THE BLOG

Stop Being an Office Jerk

02/24/2015 11:54 am ET | Updated Apr 25, 2015

The path to being an office jerk is a journey...not a light switch. Office jerks are amongst us in all walks of life; they're our managers, teammates, subordinates, vendors and customers. Unfortunately their jerkiness goes unnoticed by them for years and the disease spreads like a virus. Not only affecting them, but everyone they come in contact with. It's so vile that no doctor, manager or company policy can diagnose it. Many managers even have this illness themselves. If you do or have done any of the following, consider yourself a jerk. Or a Yankees fan... or a digital marketing expert.

Didn't give a tip - Your partners and team members deserve bonuses and to be paid on time. They are the waiters at the restaurant and you're the customer. If someone has waited on you hand and foot for any period of time, they deserve some compensation. Yes, how much compensation depends on the job they did, but they deserve something as long as they don't hurt you in some way. If anything, the basic tip for poor service is representative of who you are; a decent person who understands that even lousy service is still service after all. Assume that behind the service provider is someone with a family. Remember, only part of the reason why they are getting you mozzarella sticks is because they love you. The other part is because they need the money.

Taken valet parking at a shopping mall - Valet parking at airports and sporting events is all fine and dandy. But a shopping mall? Come on, office jerks. Unless that five-minute trek from your car to the Macy's involves a walk on fire I think you can manage, and probably benefit from, the incidental exercise. You're going to a shopping mall. Chances are you're not there on a strict schedule. Do you really need the VIP treatment for your loosely-structured suburban loitering?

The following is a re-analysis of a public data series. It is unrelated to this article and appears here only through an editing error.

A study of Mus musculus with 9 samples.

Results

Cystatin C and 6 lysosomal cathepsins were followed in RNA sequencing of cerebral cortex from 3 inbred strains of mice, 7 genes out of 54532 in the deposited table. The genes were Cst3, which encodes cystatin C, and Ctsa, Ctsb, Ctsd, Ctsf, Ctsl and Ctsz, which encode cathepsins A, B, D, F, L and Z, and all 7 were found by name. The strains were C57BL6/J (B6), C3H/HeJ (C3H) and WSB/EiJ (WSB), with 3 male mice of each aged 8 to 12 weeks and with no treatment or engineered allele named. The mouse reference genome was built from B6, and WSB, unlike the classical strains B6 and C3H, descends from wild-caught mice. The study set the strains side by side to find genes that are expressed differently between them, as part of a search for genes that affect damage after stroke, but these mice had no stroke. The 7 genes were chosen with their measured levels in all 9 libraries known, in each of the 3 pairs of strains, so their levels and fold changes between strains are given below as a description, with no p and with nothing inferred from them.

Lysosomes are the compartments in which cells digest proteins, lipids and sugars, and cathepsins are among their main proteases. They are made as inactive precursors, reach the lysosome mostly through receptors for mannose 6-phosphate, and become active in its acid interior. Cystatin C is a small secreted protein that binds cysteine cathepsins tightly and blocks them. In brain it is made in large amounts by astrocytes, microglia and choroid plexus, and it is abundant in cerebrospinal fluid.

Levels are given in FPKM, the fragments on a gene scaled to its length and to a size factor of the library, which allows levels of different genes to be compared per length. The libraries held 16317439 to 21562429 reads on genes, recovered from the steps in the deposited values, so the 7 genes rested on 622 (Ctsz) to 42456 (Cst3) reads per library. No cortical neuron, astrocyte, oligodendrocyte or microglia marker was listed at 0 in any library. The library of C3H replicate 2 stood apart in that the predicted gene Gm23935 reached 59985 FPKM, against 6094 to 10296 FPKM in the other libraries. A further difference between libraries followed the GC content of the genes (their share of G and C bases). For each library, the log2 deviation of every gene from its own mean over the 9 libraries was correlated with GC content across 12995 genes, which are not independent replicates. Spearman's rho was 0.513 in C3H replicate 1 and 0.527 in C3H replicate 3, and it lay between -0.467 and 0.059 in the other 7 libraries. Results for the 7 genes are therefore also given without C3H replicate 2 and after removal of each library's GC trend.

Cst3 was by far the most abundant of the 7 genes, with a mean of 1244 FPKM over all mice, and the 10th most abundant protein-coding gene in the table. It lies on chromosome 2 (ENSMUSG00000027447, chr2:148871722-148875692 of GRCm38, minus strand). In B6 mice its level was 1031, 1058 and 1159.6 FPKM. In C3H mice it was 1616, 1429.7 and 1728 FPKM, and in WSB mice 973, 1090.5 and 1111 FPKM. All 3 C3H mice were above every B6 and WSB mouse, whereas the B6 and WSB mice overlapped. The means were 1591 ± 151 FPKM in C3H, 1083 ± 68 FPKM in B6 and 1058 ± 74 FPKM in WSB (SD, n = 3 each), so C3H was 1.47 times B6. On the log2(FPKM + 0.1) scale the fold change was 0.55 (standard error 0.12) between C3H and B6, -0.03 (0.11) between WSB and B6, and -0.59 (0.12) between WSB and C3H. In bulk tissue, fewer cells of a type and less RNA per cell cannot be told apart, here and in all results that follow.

Glared at a baby on a flight - Office jerks travel often. Chances are you're a jerk if you've glared at a young mom trying in vain to pacify her child on one of their first flights. You were a kid once... before you became an annual contender for Time Magazine's Jerk of the Year award. Unless your glares have the power to reduce air pressure they don't make the ride for kids any less turbulent. What do you care anyway? Don't you have a pair of noise-cancelling headphones? Drown out those cries listening to the Jerky Boys soundtrack... it's a great album that also happens to be named after you. This person probably also calls himself a thought leader on LinkedIn.

Keep down someone weaker than you - Some business jerks enjoy stepping on other people. They politically don't support their ideas, pass them over for promotions and deliberately forgo helping them achieve their personal goals even if beneficial to the company. All out of spite. That's the office-equivalent of hitting a kid. I think we can all agree that's grounds for yelling jerk-alert in the hallways.

Haven't helped anyone today - Everywhere you go in the office there are people you can help. If you turned a blind eye to a poor person (an intern asking for some advice), didn't thank someone helping you with something (took credit for a job you didn't do) or didn't make someone's day better (compliment anyone) then you're a jerk. Think about the resources you have, your own knowledge or the people you know. Helping other people and paying things forward helps you get ahead.

The good thing is that onset office jerkiness can be cured with a few basic things; humility, generosity and goodwill. Consult a recovering jerk or jerk-free person in your office (assuming there is one) if you match any of the symptoms described above and then setup a jerk intervention.

Let's help you see where your digital marketing stacks up to the jerks you compete with.